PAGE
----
When Should You Go for Root Canal Treatment?
The inner part of the tooth located between the tooth’s roots and the pulp is known as the root canal. A root canal consists of blood vessels that deliver nutrients to the teeth and nerves that sense pressure, cold or heat on the tooth. When bacteria get into the pulp, the root canals become infected. Root canal procedure is carried out by a dentist trained in endodontic treatment to remove the damaged root, nerve and pulp tissue. The area is disinfected using antibiotics, filled then sealed to prevent new decay from penetrating.
What Causes Root Canal Infections?
An infection of the root canals takes place due to:
- Teeth decay wears down the enamel and leads to cavities that allow bacteria to enter the pulp and infect it.
- When a tooth is damaged or cracked, it may open the way for bacteria to enter the pulp and cause an infection.
- When dental treatments are repeated severally on the same tooth, bacteria may set in and lead to an infection.
- A tooth may be displaced and make room for bacteria to reach and infect the root canals.
- Dental issues such as avulsed tooth and sterile necrosis also allow bacteria to penetrate the inner part of the tooth and infect it.
Symptoms of an Infected Root Canal
Only a dentist can determine whether you need a root canal or other dental treatments. Fort Valley dentist uses various diagnostic techniques to ascertain that your root canal is infected. They include digital x-rays, cavity tests, thermal and electric testing. However, there are symptoms that you can look out for when you suspect that your root canal is infected, and you may require endodontic treatment. These symptoms include:
- Dental pain
Although most patients experience pain when a root canal is infected, the absence of pain does not mean you have no infection. Dental pain caused by infected root canals varies. For example, you may have a pulsing, continuous or intermittent toothache, pain that does not effectively respond to pain-relieving medication and pain that changes in intensity when you change posture.
The pain may be triggered by pressure, cold or hot food and beverages, or pressure on the tooth. Sometimes it is too severe and persistent for you to sleep at night.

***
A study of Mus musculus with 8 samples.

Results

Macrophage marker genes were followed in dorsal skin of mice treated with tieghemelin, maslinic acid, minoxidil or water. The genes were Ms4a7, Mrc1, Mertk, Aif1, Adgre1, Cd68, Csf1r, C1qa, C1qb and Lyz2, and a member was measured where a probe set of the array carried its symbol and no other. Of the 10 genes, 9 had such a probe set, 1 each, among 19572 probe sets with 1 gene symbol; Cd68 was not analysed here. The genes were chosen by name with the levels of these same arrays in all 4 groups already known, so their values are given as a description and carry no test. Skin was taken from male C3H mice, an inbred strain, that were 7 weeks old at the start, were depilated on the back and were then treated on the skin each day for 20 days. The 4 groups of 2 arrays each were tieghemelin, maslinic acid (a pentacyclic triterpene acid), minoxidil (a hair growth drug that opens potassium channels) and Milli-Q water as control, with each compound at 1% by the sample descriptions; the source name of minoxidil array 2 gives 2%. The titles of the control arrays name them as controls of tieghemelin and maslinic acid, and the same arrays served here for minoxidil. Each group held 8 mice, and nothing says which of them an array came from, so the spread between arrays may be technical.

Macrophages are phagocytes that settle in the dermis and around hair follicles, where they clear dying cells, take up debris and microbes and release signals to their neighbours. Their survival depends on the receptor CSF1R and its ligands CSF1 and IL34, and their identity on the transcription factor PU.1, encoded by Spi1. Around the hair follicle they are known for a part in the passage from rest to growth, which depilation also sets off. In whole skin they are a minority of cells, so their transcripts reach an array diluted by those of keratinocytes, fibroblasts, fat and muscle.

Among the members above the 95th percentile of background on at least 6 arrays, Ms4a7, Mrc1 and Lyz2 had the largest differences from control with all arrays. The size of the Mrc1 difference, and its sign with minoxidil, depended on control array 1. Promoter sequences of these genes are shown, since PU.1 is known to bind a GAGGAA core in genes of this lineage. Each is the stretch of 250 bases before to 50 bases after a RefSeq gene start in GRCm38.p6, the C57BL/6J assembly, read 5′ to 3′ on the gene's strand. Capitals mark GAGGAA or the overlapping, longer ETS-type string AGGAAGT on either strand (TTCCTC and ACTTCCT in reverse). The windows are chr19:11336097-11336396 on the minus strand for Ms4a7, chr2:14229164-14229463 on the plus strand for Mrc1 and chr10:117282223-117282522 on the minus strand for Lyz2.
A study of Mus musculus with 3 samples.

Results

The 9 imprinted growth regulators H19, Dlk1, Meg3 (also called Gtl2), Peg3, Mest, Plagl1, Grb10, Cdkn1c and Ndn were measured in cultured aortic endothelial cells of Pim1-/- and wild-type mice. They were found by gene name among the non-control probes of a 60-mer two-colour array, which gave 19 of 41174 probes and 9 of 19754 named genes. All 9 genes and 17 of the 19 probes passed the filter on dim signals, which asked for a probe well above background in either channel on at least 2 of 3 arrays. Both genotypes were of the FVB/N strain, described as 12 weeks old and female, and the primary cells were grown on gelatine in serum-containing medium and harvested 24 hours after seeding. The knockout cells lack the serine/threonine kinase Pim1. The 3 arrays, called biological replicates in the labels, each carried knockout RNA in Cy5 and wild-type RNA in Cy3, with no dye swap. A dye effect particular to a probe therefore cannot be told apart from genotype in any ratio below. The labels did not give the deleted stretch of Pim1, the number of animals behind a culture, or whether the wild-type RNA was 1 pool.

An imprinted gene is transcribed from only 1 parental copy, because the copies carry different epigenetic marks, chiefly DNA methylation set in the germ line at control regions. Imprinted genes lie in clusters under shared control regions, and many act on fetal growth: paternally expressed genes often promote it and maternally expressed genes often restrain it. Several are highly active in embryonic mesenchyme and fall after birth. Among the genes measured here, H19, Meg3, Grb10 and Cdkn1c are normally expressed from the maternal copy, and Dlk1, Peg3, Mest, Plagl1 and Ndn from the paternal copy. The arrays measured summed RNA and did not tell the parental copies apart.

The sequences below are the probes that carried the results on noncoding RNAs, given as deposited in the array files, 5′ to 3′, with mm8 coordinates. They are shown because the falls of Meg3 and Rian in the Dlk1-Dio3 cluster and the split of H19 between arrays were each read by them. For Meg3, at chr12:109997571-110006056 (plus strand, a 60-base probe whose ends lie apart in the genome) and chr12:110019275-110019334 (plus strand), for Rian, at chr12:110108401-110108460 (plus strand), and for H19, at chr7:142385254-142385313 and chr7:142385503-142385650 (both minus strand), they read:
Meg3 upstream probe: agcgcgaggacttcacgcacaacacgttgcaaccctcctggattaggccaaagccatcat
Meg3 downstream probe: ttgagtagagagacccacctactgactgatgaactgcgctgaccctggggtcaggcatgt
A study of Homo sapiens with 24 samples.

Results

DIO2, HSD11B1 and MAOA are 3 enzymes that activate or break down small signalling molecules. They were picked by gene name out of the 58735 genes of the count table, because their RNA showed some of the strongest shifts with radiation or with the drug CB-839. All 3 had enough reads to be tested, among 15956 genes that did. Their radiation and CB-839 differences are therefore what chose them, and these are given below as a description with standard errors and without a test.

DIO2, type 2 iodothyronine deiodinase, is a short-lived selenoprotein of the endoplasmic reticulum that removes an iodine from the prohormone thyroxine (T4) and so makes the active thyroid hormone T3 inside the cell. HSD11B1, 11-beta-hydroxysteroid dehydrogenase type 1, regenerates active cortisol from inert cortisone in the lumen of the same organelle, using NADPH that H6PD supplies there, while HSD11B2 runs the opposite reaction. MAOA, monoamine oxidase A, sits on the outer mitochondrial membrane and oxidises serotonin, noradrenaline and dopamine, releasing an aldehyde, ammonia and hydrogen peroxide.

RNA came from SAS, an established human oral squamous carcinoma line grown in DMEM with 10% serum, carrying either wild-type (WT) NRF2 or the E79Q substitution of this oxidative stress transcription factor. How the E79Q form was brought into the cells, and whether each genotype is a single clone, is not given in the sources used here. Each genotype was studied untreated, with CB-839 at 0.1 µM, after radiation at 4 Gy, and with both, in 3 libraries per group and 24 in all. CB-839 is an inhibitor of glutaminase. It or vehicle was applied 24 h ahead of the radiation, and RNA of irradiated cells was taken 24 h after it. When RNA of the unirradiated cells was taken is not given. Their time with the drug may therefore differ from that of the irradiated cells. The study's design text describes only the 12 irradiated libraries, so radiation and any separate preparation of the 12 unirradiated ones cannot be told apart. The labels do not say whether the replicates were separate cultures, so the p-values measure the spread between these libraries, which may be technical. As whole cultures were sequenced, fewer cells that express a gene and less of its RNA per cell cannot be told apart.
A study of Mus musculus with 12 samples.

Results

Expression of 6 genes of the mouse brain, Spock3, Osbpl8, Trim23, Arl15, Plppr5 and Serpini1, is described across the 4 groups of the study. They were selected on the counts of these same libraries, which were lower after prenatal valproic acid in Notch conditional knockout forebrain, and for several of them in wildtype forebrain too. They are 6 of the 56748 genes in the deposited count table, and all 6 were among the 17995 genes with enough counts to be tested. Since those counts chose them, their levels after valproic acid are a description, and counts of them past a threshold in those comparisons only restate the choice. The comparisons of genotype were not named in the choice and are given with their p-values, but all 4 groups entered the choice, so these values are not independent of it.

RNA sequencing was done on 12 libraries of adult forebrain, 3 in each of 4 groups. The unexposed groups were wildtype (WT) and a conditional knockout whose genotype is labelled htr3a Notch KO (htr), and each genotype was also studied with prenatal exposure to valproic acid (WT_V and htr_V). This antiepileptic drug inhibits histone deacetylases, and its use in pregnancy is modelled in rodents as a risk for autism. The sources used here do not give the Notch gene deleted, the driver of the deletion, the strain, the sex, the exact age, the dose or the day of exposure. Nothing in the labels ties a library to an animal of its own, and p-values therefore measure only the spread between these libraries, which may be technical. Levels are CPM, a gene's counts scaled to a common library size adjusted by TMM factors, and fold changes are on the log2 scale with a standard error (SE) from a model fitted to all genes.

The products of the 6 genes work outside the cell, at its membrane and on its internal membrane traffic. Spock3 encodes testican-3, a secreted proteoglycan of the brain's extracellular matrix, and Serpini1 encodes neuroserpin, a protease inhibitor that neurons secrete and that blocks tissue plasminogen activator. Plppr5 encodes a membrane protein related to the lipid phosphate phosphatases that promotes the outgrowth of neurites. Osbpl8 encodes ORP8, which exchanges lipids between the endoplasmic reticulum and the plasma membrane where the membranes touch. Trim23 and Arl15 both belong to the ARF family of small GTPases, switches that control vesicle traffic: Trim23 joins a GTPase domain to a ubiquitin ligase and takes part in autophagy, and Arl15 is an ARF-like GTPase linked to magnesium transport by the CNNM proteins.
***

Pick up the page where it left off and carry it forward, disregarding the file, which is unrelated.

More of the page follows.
- Tooth sensitivity
If your teeth hurt when you eat or drink something cold or hot, it may be a symptom of an infected root canal. When the pain does not cease even after you stop eating or drinking the thing that caused the sensitivity, it indicates an infection in the blood vessels and nerves in the tooth.
- Swelling and gum tenderness
When you notice that the gums near the tooth that ache are swollen and tender when you touch, it can be a symptom of a problem that requires root canal treatment, the dead pulp tissues emit acidic waste products, which cause the area outside the infected to swell.
- Tooth discoloration
Once the pulp, nerves and roots are infected, there is an inadequate supply of blood to the inner part of the tooth causing tooth discoloration visible from the front of the tooth.
- Loose tooth
The tooth may become loose when you have a root canal infection. When the tooth nerve dies, it emits acidic waste products, which soften the jaw bone around the infected area leading to tooth mobility.
Why Root Canal Over Tooth Extraction?
A root canal treatment or a tooth extraction can relieve relief from severe pain due to an infected root canal. At Whitaker Family Dentistry, a root canal is always preferred over tooth extraction unless the tooth is beyond saving, even with endodontic treatments. Some patients argue that a tooth extraction is fast and cheaper than a root canal treatment, but this is not always the case.
Although a root canal procedure lasts longer than a tooth extraction procedure, the results are worth it. First, you will have saved your natural tooth, which is supposed to last a lifetime. Second, removing a tooth leaves a gap that will affect the appearance and function of the rest of the teeth. The remaining teeth move into the space left, thereby causing misalignment. Filling the gap to address these issues will cost more money and time. Once you consider all these issues, a root canal is the ultimate solution to the infected tooth pulp.